Cheslatta Carrier Nation chief Corinna Leween speaks to the annual B.C. Natural Resources Forum, Jan. 27, 2021. Leween is president of Carrier Sekani Family Services, a delegated agency of the B.C. government serving northern B.C. communities. (B.C. Natural Resources Forum)

Cheslatta Carrier Nation chief Corinna Leween speaks to the annual B.C. Natural Resources Forum, Jan. 27, 2021. Leween is president of Carrier Sekani Family Services, a delegated agency of the B.C. government serving northern B.C. communities. (B.C. Natural Resources Forum)

Carrier and Sekani chiefs call state of emergency due to opioid crisis

Eleven Nation chiefs and Carrier Sekani Family Services have called on the federal and provincial governments to take immediate action to combat the crisis

First Nations chiefs in northern British Columbia have declared a state of emergency due to the ongoing opioid crisis.

Eleven Nation chiefs of Carrier and Sekani Nations, along with the Carrier Sekani Family Services (CSFS), have called upon the federal and provincial governments to take immediate action to address the crisis, according to a statement released by CSFS.

The number of Indigenous people dying of overdose deaths in B.C.’s northern interior region is at “alarming rates of over-representation,” a press release states. The CSFS is seeking government funds to build and operate a healing and treatment centre to combat the crisis.

Nation chiefs have long called for a treatment and healing centre, though a recent decision from the provincial Agriculture Land Commission rejected their proposal on ALR land at the existing Tachick Lake Resort near Vanderhoof.

“A toxic drug supply, combined with the harms of historical and present-day colonialism, has led to Indigenous people dying from toxic drugs at a much higher rate compared to other B.C. residents,” the statement reads.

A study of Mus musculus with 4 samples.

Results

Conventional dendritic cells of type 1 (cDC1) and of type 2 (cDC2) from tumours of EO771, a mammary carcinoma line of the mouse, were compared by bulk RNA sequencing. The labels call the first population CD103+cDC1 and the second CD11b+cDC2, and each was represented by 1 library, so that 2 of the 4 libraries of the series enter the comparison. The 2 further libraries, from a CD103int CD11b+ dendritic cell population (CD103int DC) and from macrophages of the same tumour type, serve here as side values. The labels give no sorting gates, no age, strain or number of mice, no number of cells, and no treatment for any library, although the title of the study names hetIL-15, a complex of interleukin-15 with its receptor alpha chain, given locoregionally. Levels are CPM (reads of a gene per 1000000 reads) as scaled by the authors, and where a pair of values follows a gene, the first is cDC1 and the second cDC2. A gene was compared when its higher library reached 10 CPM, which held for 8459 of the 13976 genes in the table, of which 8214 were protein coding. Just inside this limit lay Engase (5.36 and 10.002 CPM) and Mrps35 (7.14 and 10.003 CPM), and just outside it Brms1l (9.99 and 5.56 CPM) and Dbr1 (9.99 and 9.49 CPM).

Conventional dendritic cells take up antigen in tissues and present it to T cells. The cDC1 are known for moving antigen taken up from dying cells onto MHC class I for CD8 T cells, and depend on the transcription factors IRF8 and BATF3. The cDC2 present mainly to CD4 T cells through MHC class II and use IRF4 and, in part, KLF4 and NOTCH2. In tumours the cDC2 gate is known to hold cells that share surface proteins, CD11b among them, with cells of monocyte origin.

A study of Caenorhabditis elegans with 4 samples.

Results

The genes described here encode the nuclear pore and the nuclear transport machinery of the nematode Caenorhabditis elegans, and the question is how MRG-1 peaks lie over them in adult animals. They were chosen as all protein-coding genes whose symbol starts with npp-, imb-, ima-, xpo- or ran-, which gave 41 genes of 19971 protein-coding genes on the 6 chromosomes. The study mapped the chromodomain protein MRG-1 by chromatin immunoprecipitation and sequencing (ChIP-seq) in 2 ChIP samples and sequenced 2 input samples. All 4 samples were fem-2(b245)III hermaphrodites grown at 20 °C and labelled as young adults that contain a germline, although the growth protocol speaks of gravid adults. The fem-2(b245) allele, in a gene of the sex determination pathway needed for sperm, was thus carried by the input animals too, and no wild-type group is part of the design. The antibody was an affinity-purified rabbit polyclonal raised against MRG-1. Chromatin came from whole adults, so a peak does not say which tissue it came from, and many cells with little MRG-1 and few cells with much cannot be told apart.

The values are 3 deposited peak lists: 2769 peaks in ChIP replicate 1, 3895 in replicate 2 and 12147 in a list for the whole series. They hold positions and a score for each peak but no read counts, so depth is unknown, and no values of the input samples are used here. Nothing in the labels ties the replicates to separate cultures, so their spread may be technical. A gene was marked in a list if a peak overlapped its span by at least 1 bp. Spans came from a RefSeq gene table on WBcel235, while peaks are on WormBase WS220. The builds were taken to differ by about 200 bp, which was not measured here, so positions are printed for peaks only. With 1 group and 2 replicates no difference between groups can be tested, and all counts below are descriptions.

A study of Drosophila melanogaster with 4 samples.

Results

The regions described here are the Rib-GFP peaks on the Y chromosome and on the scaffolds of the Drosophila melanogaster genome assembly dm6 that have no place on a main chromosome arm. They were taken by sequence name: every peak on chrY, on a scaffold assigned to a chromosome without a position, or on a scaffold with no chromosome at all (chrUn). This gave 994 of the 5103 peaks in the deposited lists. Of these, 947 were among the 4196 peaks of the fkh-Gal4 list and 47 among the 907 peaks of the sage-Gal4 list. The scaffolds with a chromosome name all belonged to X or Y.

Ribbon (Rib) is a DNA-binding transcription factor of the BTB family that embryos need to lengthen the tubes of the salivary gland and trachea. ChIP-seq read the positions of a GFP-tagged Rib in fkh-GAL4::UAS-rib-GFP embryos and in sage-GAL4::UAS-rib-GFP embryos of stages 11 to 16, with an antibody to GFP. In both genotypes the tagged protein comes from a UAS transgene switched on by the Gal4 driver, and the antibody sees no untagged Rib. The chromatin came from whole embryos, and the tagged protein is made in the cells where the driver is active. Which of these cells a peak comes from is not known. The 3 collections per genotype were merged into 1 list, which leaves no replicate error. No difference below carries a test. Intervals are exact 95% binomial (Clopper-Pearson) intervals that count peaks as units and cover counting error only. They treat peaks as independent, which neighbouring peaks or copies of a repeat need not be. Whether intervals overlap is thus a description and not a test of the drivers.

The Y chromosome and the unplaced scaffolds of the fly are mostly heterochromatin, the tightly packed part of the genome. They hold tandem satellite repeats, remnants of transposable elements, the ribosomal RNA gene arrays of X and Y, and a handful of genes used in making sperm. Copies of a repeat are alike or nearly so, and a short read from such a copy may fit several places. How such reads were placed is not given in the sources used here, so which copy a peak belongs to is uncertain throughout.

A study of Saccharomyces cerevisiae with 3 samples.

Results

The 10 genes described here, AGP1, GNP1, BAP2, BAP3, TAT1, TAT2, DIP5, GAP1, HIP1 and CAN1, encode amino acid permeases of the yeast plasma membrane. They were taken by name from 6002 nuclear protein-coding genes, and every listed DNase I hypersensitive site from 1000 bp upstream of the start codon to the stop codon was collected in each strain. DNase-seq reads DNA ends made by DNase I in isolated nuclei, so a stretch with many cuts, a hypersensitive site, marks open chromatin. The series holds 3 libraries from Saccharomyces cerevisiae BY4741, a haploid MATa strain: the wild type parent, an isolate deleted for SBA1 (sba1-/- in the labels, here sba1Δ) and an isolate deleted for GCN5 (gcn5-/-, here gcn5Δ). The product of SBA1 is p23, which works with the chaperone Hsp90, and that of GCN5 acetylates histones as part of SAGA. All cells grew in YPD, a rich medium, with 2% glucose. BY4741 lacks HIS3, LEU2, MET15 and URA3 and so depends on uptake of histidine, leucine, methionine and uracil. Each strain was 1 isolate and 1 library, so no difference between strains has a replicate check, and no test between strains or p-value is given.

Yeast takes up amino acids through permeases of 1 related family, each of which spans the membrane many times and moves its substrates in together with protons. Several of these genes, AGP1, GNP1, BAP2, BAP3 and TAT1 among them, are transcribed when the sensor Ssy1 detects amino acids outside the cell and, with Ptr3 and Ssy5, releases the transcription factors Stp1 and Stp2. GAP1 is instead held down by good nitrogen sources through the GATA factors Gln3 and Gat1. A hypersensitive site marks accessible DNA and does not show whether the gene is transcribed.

It also said mental health issues and addiction, as well as the impacts of residential schools, continue to affect the families served by the CSFS.

Chief and CSFS board president Corrina Leween said over the past two weeks, the communities lost three more people to overdose. She added CSFS is ready to increase capacity and the services they offer for addictions and recovery.

“We also know that this crisis is affecting Indigenous children in care, particularly those in the care of the MCFD (Ministry of Children and Family Development), and that some of these children are also suffering from addictions and opioid-related deaths,” Leween said in the press release. “We need this treatment centre as a part of the wrap-around care we endeavour to provide clients and families we serve.”

A treatment centre, noted the chiefs, must be included in any long-term solution, adding they believe it meets a number of the provisions from the Truth and Reconciliation Commission of Canada Calls to Action.

The centre, they said, will assist people across B.C. The CSFS continues to engage with federal and provincial governments, as well as the First Nations Health Authority to seek support in developing the treatment and healing centre, which requires capital commitment.